Dinosaurs didn't have a space program and look what happened to them.
They're still around. There's bloody billions of the things. Some of them - such as the family Corvidae - are damned near as smart as we are.
It isn't asteroids we should be worried about, it's the slow death of the Sun. It might sound stupid - the Sun is supposed to have a few billion years left - but it's not. There are maybe a billion years of habitability left on Earth. Long before the Sun expands into a red giant and blasts the atmosphere off this rock it will have been completely sterilized. Several estimates have the planet able to sustain truly complex, intelligent life for 300-400 million years at best.
In geological context, that isn't all that long. That's one more mass extinction cycle. Or one more "largeish quantities of Algea into fossil fuels" cycle, to be more precise. It's this latter that matters.
You see, the biggest issue is that fossil fuels are of finite supply. They represent the densest chemical energy source we know of and they are an absolute bitch to manufacture synthetically. Simply put: if you want to put a rocket into space fossil fuels represent the most efficient method we know of.
Once fossil fuels are gone humanity will be facing a pretty big energy crisis. How will we generate the kind of power necessary to run our ever-increasingly-power-consuming society, let alone blast payloads into orbit?
Going out into space with enough people and equipment to begin a space-faring civilization is going to take sending up a lot of material. The geopolitical realities of our species make a continent-long rail gun highly unlikely, we're hundreds (if not thousands) of years away from orbital tether technology and an energy-starved future humanity isn't going to be all that inclined to spare the power necessary for the electrolysis of $stupid quantities of hydrogen or the purification of $stupid quantities of aluminum.
(Don't say "nuclear will save us" because A) people are dumb, stupid, panicky animals and I doubt they'll ever be able to overcome the conditioning of "OMG RADIATION" so they'll cut off their nose to spite their face on that regard. B) Even if we did suddenly start to grasp basic science and accept that fission is a safe form of energy there simply isn't enough fuel to sustain our society at present technology levels matching projected demands for all that long.)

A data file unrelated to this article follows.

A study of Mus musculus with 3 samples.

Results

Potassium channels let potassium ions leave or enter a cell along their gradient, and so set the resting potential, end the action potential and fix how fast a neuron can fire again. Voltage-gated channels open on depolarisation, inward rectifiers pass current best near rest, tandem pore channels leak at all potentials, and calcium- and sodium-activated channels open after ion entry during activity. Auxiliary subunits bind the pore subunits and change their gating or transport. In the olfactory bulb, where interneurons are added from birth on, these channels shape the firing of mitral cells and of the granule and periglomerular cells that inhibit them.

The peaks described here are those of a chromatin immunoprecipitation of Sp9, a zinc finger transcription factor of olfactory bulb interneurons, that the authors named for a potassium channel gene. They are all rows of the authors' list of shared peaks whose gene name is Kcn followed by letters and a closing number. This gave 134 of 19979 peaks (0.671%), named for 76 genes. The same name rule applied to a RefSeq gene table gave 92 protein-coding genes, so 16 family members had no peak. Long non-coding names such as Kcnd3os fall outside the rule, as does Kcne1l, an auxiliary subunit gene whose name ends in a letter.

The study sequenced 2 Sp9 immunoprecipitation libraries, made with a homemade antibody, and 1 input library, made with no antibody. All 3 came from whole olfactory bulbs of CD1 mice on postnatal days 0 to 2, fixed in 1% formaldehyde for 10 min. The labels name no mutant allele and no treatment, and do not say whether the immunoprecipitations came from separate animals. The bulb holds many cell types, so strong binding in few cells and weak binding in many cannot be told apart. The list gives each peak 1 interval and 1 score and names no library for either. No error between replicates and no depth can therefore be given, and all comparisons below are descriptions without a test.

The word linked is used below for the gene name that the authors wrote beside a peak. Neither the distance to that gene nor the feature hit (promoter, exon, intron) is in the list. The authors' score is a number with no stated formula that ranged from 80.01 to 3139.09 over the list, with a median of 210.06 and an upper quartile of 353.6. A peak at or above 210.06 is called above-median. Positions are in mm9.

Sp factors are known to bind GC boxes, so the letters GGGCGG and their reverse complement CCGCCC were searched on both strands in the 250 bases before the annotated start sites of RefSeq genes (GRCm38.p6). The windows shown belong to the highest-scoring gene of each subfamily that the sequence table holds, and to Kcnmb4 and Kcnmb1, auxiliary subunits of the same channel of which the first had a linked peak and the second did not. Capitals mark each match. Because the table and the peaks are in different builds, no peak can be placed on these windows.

If we are ever going to get out into space with enough people and enough equipment to master the stars the time is now. Now while energy is cheap. When it can be pulled out of the ground in ready-to-use form, densely packed and easy to implement. This time will not come again for our species.
By the time there is enough fossil fuel recreated by natural processes on Earth humanity will be dead and gone and buried. Dusts of the ages and extinct a long, long time ago. Will earth birth another space-capable race in time to use that fuel? The chances aren't good...and there's really only the one more chance after us.
It is comforting to think that the Universe is teeming with life; that even our own small galaxy abounds with multiple life-bearing planets. It is comforting to believe in this because it removes from us the burden of seeding the Universe with the only known life to exist: Earth's.
Humanity will die. Earth will die. Eventually, even our Sun will die...and none of that is all that far away. Personally, I think it would be a cosmically reprehensible shame if life itself died with our planet. It would be an unimaginable tragedy if it was our own shortsightedness that meant that the only species known to have ever existed to be capable of spreading this fluke of chemistry to the stars failed to do so.
I believe that the only purpose of life is the continuation of life itself. It isn't about the continuation of our lineage, or even our species. The stakes are bigger than that. It is about ensuring that life manages to outlast the stars themselves; that the Universe is given purpose beyond mere existence by the fact that life still exists to experience it's wonders.
Our time is now. It may never come again. If Earth is, in truth, the only place in the universe where life arose - and until we have solid confirmation it exists elsewhere we must assume this to be true - then we must take advantage of what we have and act. Hie thee to the stars, earthkin; we have a duty to the universe itself to spread the seeds of experience before the brief candle of our existence is blown out.